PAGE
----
New Zealand Law Society - Apartment letting legislation inadequate and inflexible says lawyer

Apartment letting legislation inadequate and inflexible says lawyer


“The Unit Titles legislation, which was only reformed in 2010, is in my personal view, wholly inadequate,” says John Greenwood, a partner at Wellington firm Greenwood Roche and the editor of the NZLS Property Law Section’s The Property Lawyer magazine.

Photo of John Greenwood
John Greenwood

“It is just not flexible and responsive to deal with the myriad of problems created by dysfunctional body corporates. The purpose statement of the Unit Titles Act says it is responsive to and flexible, but it certainly isn’t, in fact, it is almost the opposite of that.

“There isn’t enough flexibility in the Act for people to impose more robust rules. I also think education is one of the missing tools here, plus there hasn’t been any decent research on apartment living in New Zealand. It’s a major growth area, Auckland alone is going to have half a million people living in apartments by 2035,” Mr Greenwood says.

He says there are rules in body corporate agreements, particularly relating to noise and nuisance. But the issue with Airbnb rules, where units are let on a temporary basis, is that they operate “like quasi-hotels” with people coming and going constantly.

“You are upsetting the dynamic of a normal apartment living arrangement,” he says.

“There is a risk of opening up your apartment complex to a quasi-hotel/motel type arrangement; you’ve got a whole lot of different people in there who will be strangers to the normal occupiers. When you buy into these complexes you think everything is going to be great, but then they keep changing because issues like letting out short stay accommodation to rugby fans.”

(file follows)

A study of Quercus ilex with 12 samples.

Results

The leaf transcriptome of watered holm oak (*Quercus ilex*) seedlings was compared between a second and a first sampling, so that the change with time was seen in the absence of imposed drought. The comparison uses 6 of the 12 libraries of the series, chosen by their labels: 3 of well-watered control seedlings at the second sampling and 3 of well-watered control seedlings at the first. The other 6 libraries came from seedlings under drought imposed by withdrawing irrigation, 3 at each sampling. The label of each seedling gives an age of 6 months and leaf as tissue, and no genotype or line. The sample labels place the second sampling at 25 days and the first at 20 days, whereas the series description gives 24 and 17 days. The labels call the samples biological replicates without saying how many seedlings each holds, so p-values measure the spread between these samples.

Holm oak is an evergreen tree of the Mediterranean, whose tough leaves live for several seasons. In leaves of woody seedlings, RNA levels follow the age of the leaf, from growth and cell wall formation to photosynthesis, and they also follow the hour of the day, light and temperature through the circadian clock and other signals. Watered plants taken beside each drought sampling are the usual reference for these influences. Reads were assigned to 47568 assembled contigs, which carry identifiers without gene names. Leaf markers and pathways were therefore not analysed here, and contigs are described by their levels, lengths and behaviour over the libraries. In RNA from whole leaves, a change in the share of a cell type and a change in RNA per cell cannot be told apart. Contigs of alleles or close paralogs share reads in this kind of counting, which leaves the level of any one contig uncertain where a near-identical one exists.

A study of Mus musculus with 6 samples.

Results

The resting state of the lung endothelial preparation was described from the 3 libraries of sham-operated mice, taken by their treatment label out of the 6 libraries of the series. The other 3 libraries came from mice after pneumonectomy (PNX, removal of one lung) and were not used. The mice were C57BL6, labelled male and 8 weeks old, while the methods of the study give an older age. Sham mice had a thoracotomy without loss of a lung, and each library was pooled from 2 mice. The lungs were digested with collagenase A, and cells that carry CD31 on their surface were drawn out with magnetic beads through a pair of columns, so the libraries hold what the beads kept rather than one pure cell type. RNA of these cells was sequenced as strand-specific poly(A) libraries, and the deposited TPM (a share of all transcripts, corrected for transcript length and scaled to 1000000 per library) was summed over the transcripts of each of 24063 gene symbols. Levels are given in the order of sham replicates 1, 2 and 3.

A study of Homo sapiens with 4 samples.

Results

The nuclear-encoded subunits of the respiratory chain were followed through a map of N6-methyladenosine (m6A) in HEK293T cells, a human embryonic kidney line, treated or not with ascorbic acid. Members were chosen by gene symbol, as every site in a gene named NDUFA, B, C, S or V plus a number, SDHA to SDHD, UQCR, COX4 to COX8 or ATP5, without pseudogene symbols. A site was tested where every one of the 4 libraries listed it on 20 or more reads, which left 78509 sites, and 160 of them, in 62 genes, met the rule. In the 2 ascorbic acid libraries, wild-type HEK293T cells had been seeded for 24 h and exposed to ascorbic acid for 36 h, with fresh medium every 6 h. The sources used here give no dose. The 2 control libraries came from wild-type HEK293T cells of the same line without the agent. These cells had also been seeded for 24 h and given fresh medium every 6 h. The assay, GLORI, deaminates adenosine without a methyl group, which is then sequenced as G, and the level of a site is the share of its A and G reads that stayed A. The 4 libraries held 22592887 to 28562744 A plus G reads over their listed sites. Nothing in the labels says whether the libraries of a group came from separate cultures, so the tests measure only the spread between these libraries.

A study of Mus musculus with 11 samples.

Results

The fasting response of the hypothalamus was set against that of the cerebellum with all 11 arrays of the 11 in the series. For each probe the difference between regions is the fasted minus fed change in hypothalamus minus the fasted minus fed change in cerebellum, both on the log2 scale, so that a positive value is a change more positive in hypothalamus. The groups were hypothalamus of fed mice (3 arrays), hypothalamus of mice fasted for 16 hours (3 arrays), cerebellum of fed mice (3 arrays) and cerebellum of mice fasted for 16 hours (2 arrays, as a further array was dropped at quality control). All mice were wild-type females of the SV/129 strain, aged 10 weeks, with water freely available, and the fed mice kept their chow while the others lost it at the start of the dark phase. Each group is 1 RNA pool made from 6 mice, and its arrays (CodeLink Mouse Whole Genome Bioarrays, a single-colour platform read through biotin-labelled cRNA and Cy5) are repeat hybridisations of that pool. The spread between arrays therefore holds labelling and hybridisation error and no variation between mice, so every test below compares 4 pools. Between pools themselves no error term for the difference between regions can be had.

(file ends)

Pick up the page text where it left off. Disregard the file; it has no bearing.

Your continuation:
As well as temporary letting there are issues around pets and even instances of properties being used to provide sexual services, which is governed by planning laws which control uses of buildings.”

Lions rugby fans in apartments

With accommodation limited for the current tour of New Zealand by the British and Irish Lions, ingenuitive homeowners, and perhaps, tenants, are letting or sub-letting their homes for inflated prices, which is not surprising.

“That’s not governed by the Unit Titles legislation and the city councils have no by-laws nor planning laws around Airbnbs, they can impose changes through the Building Act in terms of if they decide that the Airbnbs are a business operation, so they could say there’s a change of use from normal residential use, and they could impose fire compliance type issues, such as smoke alarms and/or disability toilet areas in all rooms.”

“But then how do they even know that are operating as Airbnbs?”

Mr Greenwood says the powers that body corporates do have are limited.

“Body corporates can impose strict rules – but they can’t say you can’t operate as an Airbnb; that would, in my view, be unlawful in terms of the Unit Titles Act. And where it gets really tense is, where you have a block and it becomes dominated by Airbnbs, that in effect changes the whole use of that block and make it more or less a commercial operation.

“Apart from the Building Act compliance issues, you have tax issues as well to worry about, and there might be issues over insurance cover. Insurers may take the view that, because it’s commercial use and not purely residential, that the insurance premiums will be much higher than if it was ordinarily residential use.”

Mr Greenwood also notes, in his editorial column of the June 2017 of The Property Lawyer, the only areas where there could be some restrictions on tenant use, short-term stays or couch surfing is on apartments operating under a company share regime, governed by occupational licenses or leases. “Owners commit to a regime through bespoke personal contracts, company constitutions and the provisions of the Companies Act 1993, rather than a ‘one-size-trying-to-fit all’ statutory regime,” he writes.

Mr Greenwood feels part of the problem of apartment living is that New Zealanders are relatively new to the concept, unlike in some western countries, and people tend to think they “live in their own castle” whereas such blocks have communal areas, and there needs to be consideration for others.